Primary/secondary sex
Athletic skills honed
Little illness
Peers more important
Formal operations–
than parents
reason fully like an adult
Identity vs. Role Confusion Adolescent Egocentrism
Intense Emotions
Romantic relations important
Low Self-esteem
Social Development
• Erickson - Identity vs. Role Confusion
Task = WHO AM I? integrating many roles
(child, sibling, student, athlete, worker) into a
Other Social Issues
-Adolescent Depression (10X)
-Risky Behavior / Suicide / Low Self-Esteem
-Romantic Relationships more intense
-Start to break away from family
-Storms, Stress, Happy
Freud – Sexual Development
• Genital Stage - strong sexual interest in the
opposite sex
• If the other stages have been completed
successfully, the individual should now be
well-balanced, warm, and caring
Jean Piaget’s
Formal Operational Stage
Characteristics of the formal operations stage:
•Ability to reason in abstract ways
•Prior to this level the world was seen in
concrete terms/begin to consider possible
outcomes and consequences of actions.
•Personal mortality is becoming more “real”
Adolescent Egocentrism
belief by teenagers that they are special & unique
Imaginary Audience: heightened self-consciousness. Adolescents
believe that others, especially peers, are watching them, thinking about
them, and interested in all their thoughts and behaviors.
Personal Fable: your problems are worse, no one can understand what
you go through, no one has ever felt as you do
Hypocrisy: ok for you, not for others
Pseudostupidity: oversimplified logic, tend to see moral issues in black
and white without taking into account the complexities that might exist
Stage 1: Obedience and Punishment
Make moral decisions based on avoidance of
Stage 2: Individualism Make moral decisions
based on individual needs
(common in young children, adults also can be
stuck here)
Stage 3: Relationships and Conformity
-Longing to please or impress others
-“Right” is being considerate
Stage 4: Social System and Conscience Maintenance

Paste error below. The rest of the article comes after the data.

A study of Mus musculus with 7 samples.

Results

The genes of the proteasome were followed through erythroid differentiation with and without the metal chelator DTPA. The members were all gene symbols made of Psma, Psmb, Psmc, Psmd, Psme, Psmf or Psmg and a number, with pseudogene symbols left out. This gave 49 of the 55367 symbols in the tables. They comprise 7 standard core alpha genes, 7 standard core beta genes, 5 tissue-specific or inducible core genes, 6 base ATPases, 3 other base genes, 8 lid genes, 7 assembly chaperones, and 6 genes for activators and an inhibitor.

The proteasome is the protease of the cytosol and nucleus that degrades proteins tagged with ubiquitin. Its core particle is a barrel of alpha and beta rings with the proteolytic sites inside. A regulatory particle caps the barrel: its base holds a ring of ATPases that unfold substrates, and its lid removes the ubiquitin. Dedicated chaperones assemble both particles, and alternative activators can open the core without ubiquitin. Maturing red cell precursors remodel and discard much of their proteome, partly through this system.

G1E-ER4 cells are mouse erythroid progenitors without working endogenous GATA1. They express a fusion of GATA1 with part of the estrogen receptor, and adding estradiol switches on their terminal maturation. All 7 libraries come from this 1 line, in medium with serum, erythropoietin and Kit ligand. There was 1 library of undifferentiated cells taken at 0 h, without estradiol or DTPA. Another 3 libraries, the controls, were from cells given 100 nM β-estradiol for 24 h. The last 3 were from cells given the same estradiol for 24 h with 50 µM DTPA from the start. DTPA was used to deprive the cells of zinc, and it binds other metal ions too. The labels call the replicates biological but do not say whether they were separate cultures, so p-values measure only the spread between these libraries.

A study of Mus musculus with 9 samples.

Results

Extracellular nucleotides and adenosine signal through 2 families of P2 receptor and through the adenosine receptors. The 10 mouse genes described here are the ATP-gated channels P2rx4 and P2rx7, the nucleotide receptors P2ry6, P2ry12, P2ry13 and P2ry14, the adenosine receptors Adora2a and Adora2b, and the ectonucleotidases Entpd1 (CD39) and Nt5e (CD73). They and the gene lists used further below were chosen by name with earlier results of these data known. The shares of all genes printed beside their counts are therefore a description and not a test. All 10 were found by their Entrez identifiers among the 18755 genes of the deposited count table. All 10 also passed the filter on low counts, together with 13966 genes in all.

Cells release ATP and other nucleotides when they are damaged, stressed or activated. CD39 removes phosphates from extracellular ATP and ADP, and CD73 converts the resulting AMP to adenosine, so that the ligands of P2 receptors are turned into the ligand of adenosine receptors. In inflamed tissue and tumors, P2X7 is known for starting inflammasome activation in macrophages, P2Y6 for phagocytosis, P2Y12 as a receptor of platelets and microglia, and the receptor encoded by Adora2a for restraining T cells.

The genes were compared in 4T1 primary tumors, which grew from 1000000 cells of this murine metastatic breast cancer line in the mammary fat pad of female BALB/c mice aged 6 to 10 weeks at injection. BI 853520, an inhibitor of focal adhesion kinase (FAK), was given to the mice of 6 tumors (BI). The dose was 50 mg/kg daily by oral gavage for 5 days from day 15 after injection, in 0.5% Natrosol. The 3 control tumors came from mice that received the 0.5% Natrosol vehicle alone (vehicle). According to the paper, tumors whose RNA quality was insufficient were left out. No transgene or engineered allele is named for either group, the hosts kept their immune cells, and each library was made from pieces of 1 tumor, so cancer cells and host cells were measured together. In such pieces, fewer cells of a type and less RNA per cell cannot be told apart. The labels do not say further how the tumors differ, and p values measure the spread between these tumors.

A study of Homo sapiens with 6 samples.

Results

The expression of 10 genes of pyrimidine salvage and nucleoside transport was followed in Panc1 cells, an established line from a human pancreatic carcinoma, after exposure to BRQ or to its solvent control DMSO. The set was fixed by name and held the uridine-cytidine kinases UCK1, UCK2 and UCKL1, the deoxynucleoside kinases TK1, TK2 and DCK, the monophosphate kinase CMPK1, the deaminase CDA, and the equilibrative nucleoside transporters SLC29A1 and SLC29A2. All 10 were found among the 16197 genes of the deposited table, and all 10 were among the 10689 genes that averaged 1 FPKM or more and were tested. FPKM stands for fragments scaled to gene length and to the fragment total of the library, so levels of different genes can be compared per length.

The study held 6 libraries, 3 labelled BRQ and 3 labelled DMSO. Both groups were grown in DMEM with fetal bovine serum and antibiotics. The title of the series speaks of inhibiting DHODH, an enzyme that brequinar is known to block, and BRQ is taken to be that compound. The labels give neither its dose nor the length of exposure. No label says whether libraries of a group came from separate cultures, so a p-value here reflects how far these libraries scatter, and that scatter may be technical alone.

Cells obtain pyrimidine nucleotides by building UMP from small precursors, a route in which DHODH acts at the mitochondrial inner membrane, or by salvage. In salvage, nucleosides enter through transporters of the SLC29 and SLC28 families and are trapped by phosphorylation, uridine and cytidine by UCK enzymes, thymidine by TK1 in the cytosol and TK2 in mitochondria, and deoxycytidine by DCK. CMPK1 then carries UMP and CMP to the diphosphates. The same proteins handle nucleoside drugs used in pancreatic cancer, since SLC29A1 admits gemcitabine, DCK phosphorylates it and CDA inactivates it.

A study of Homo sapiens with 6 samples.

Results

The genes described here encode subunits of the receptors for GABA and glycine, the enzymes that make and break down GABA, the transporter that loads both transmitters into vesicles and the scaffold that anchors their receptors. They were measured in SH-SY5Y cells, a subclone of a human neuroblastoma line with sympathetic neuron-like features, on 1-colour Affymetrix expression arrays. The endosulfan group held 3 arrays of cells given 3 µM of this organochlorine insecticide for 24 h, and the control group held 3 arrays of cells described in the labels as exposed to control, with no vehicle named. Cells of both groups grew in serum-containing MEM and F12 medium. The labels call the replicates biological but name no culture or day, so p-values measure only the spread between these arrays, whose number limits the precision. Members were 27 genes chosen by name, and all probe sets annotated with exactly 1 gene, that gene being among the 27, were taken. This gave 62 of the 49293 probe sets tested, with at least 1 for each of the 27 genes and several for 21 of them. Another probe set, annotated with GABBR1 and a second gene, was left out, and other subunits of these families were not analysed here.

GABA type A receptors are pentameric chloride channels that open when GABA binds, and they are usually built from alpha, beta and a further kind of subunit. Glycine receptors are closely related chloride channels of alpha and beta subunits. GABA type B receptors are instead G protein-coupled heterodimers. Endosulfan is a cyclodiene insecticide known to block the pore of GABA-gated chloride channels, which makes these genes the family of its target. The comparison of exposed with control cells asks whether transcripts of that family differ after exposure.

- Individual sees value in rules, not simply because
they are afraid of them.
-Importance of and need for laws in maintaining
social order
Stage 5: Social Contracts
- When people agree to something because
they think it is best for everyone involved
Stage 6: Universal Ethical Principles
- Concepts like justice and honor are guidelines
for right and wrong
- Faith and religion
Scenario 1
• You are at a store where you frequently shop
and you see someone shoplifting. What do
you do?
Scenario 2
• You are at the grocery store and it is particularly busy. In a
hurry, the cashier accidentally gives you a $20 bill instead of a
$5 bill for your change.
You realize the mistake immediately, but the cashier
is clearly unaware of what they have done. What do
you do?
Scenario 3
You are running late on a foggy morning. You decide to take a
short cut. The route takes you on a road right by a school.
You are fairly sure that the school has been called off due to
the fog, therefore there will be none of the usual school
population and traffic. Nevertheless, the speed limit is 20
mph. Do you speed or follow the speed limit?
Scenario 4
• Imagine you got into a “fender bender” but
there was no damage to your car or the other
car. Would you tell your parents?
Scenario 5
You have a car that seats two people. Your
girl/boyfriend, best friend, and an old lady are
standing outside in the rain. You can only fit one
other person in the car. Who do you take?